This takes a couple minutes to get familiar with the interface, but it is well worth the time. The trick is remembering to include the abbreviations for the bible version you want to read. Important abbreviations include: “SBLG” (SBL GNT); “WHNU” (W+Hort w NA+UBS variants); & “OHB” (Leningrad Codex based on BHS). You can even make your own multi-lingual interlinear. Mousing over the words also brings up Tyndale lexical entries, including access to the LSJ and access to a DIY word-search in the original languages.
Developed by Digital Bible Society with major contributions from John Dyer and Michael Johnson, the site has access to the SBL GNT, Tischendor’s 8th ed., Westcott & Hort, CATSS LXX, BHS, and Westminster Leningrad Codex. Mouse over a word for a pop up definition, as well as the ability to perform a DIY word search in the original languages. Intuitive and great for phones.
The NET Bible translation for its footnotes, all of which are accessible here. There is also access to a few other English Bible translations, plus access to the original Greek & Hebrew texts of the Bible. Mouse over a word for a pop-up definition, or for the option to look it up in Strong’s or in the website’s Word Study results.
The publisher of the gold-standard original-language Biblical texts has made the most current editions of following texts available: NA28 (NT), UBS 5 (NT), BHS (OT), Rahlfs/Hanhart LXX (OT), and Weber/Gryson Latin Vulgate. The ESV, NETBible, KJV, and Luther’s Revised 1984 German translation are also available. There’s no mouse over translation functionality, and the critical apparatuses are also lacking, but if you want to read the most current editions of the Bible in the original languages, this is your best online option.
Not only does this site host online interlinear Hebrew-English/French/Portuguese/Spanish bibles, but they also link to chapter-by-chapter mp3’s of someone reading Scripture in Sephardic-style Hebrew. Their “Torah 101” link is also very helpful.
NETS LXX (New English Translation of the Septuagint)
Completed in 2007 & published by Oxford University Press, this is the official free, online version of the English translation of the Septuagint.
From the project bio, “The Codex Sinaiticus Project is an international collaboration to reunite the entire manuscript in digital form and make it accessible to a global audience for the first time. Drawing on the expertise of leading scholars, conservators and curators, the Project gives everyone the opportunity to connect directly with this famous manuscript.”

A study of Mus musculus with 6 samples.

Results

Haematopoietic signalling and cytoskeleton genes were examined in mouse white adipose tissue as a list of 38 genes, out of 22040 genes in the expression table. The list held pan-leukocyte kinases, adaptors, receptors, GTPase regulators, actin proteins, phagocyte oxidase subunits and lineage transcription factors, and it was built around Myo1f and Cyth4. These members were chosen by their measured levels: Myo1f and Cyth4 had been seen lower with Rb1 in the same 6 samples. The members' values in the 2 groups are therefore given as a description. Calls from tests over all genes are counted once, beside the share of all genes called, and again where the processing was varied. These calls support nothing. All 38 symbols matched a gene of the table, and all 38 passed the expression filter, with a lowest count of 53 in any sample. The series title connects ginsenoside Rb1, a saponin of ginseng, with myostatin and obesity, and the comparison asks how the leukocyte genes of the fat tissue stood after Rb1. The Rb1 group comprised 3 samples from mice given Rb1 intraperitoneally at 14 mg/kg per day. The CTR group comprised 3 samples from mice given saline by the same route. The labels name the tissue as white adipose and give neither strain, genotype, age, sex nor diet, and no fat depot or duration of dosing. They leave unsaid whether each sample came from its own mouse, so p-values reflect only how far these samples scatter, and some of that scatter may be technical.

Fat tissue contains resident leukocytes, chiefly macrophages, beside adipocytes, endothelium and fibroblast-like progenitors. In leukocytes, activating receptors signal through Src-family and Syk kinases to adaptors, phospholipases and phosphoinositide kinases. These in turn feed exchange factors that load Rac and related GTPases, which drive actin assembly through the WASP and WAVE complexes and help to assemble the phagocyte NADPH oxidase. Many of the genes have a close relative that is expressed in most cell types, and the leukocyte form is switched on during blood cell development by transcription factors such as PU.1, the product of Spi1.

From the website, “The Aleppo Codex is a full manuscript of the entire Bible, which was written in about 930. For more than a thousand years, the manuscript was preserved in its entirety in important Jewish communities in the Near East: Tiberias, Jerusalem, Egypt, and in the city of Aleppo in Syria. However, in 1947, after the United Nations Resolution establishing the State of Israel, it was damaged in riots that broke out in Syria. At first people thought that it had been completely destroyed. Later, however, it turned out that most of the manuscript had been saved and kept in a secret hiding place. In 1958, the Aleppo Codex was smuggled out of Syria to Jerusalem and delivered to the President of the State of Israel, Izhak Ben-Zvi.”
From the website bio, “On 13 September 2002, Dr. Daniel B. Wallace founded the Center to utilize emerging technologies to preserve and study Greek New Testament manuscripts. During its brief history, CSNTM has collaborated with more than 40 institutions on 4 continents to produce more than 350,000 images of New Testament manuscripts. In the process, the Center has discovered more than 90 New Testament manuscripts. View these images at CSNTM’s digital library.”
This is where I go when I want to read the Bible online. It hosts a massive list of biblical versions in many languages. The interface is clean and easy to use. The only commentary worth reading is the IVP New Testament Commentary; the rest are so out of date that they are only of historical interest.
This site is excellent for reading the bible in parallel versions. The rest of the site’s resources are not as helpful because of their antiquity, but if you had the time to spare they might be of historical interest. Biblecc.com looks like a mirror site of BibleHub, so is prone to the same strengths and weaknesses.
This farcical translation may not be the most accurate, but it’s certainly interesting. However, if you take the premise srsly, then you’ll find yourself engaging the same exegetical skill-set you’d bring to a more earnest approach to Bible translation.
Though produced by a non-believer with the intent to show the absurdity of religion, many of the illustrations are innocuous. And while it may have originally been originally for one purpose, believers can “baptize” it and use it for another. It’s an upside of reader-response.